George Allen at Oklahoma Republican Convention


Allen was introduced by Oklahoma's senior U. S. Senator, Jim Inhofe. Allen began his speech by saluting many of Oklahoma's elected officials by name, a daring move -- he bobbled only a few (Congressman "Lewis" instead of Lucas). He spoke about Oklahoma's athletic accomplishments. He said that Oklahoma has produced more astronauts than any other state. (Per capita or raw numbers?) He dropped the names of famous Oklahomans in entertainment, past and present, praised our congressional delegation, spoke of Inhofe as "an unflinching leader," celebrated Tom Coburn's successful defense of Don Nickles' senate seat, and congratulated us on gaining the majority in the State House of Representatives. Remembering Tuesday's 10th anniversary of the Murrah Building bombing, he praised Frank and Cathy Keating for their "poised leadership" at that time.

Allen called the armed forces our "most valuable players." He said called the current death gratuity of $12,000 a "paltry, miserly, insulting amount" and said he introduced legislation to increase that amount to $100,000 retroactive to October 2001.

Looking back to his term as Virginia's governor, Allen said that his administration addressed skyrocketing crime by abolishing a lenient parole system and replacing it with truth in sentencing. He said he responded to social promotion in the schools by requiring testing. In response to the rapid growth of the welfare rolls, Virginia stopped automatically paying extra benefits to single mother who have another child while receiving assistance. A mother with another child would have to identify the child's father in order to receive the additional benefit. "It's amazing how many recollections are refreshed." He said Virginia was now number one in the nation for identifying paternity.

Allen went on to survey the gains made by Republicans in the Senate -- 5-0 in the South, with a Republican winning for the first time ever in Louisiana (and without a runoff), the first Cuban-American senator elected in Florida, and the defeat of the "chief obstructionist," Senate Minority Leader Tom Daschle. (The mention of Daschle's defeat got a standing ovation.)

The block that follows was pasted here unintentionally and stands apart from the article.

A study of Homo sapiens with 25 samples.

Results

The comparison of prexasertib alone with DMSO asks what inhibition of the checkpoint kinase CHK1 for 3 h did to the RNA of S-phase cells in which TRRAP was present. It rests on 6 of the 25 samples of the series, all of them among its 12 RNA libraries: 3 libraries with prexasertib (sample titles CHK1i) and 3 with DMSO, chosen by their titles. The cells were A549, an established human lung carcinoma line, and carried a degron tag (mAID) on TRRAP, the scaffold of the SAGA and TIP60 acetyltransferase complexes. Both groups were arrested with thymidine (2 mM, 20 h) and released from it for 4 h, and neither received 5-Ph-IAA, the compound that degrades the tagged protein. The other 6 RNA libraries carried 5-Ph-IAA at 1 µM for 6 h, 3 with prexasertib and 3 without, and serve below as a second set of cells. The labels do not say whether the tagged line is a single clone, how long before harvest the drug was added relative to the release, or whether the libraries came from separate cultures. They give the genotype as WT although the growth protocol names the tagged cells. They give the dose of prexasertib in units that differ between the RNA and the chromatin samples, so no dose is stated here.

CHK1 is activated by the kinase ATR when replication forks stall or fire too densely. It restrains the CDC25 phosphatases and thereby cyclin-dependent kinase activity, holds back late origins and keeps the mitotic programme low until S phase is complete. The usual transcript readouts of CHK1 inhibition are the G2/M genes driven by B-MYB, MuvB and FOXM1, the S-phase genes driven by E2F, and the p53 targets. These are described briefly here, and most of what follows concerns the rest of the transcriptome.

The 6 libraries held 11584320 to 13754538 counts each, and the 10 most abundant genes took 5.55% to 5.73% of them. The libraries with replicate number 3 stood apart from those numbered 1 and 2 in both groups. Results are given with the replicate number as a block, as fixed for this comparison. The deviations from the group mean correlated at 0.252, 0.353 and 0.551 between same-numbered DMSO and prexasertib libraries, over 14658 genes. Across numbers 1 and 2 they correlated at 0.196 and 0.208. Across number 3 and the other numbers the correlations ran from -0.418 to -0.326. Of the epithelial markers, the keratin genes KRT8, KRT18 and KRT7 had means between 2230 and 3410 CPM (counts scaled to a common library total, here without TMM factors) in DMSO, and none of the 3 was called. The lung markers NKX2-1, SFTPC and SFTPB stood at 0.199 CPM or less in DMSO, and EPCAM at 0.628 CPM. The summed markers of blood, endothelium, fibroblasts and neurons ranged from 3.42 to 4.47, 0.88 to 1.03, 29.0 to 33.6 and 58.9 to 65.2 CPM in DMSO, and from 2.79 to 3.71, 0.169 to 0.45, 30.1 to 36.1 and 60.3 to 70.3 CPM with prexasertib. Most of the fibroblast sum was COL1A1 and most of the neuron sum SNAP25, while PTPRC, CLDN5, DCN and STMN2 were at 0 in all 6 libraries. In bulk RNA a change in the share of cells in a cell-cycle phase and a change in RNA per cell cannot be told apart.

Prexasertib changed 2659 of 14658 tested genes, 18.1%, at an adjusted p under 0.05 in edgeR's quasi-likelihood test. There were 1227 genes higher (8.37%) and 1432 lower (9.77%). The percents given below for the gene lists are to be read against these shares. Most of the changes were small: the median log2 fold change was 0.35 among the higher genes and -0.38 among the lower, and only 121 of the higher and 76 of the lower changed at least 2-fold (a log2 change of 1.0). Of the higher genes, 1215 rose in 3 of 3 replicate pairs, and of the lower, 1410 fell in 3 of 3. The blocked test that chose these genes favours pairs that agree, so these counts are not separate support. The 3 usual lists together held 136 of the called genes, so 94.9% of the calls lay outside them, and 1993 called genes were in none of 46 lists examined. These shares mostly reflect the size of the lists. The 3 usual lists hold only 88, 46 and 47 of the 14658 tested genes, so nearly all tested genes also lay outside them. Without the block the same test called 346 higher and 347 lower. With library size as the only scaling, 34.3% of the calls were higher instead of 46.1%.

On domestic issues, Allen praised passage of class action reform, bankruptcy reform, and opening Alaska's North Slope to energy exploration. He called for a more comprehensive energy policy, to include more domestic exploration, development of clean coal technology, and advances in hybrid vehicles.

Allen called for making the repeal of the inheritance tax permanent, saying, "Death should not be a taxable event.... No taxation without respiration."

The judiciary was his next topic, and Allen received another standing ovation for saying that judges ought to apply the law, not invent the law. He said that there are four pillars of freedom: freedom of religion, freedom of expression, private ownership of property, and the rule of law. The minority, he said, is obstructing the majority from providing the advice and consent called for in the Constitution.
He pointed out that the American people reelected George W. Bush, and dumped Tom Daschle, and it's time for the senators to do their job and have the backbone to vote yes or no. He called the reform of the cloture rules not the nuclear option, but the constitutional option. He said that the issue of judicial filibusters needs to be dealt with before a Supreme Court vacancy is at hand. To those who wring their hands and worry that if the Republican majority takes bold action, the Democrats won't cooperate, Allen answers, "What's the difference?"

Allen said that Republicans shouldn't be placid, timid, or appeasing. "We're put in these positions to do something, not to warm a seat."

After the speech, Allen took his time shaking hands as he made his way out to the lobby, lingering there to shake hands and pose for pictures with delegates.


Sen. George Allen spoke yesterday at the Oklahoma Republican Convention. SST has been corresponding with an Oklahoma blogger, Michael Bates, who has his reaction to Allen's speech. Read More


Addison said:

Thanks so much! I've copied your post here, and put a few of my own thoughts.

The consensus among conservative Virginia bloggers is that Mark Warner won't run in 2006. If he wins, he's a hero, but if he loses, then HIS presidential aspirations are shot.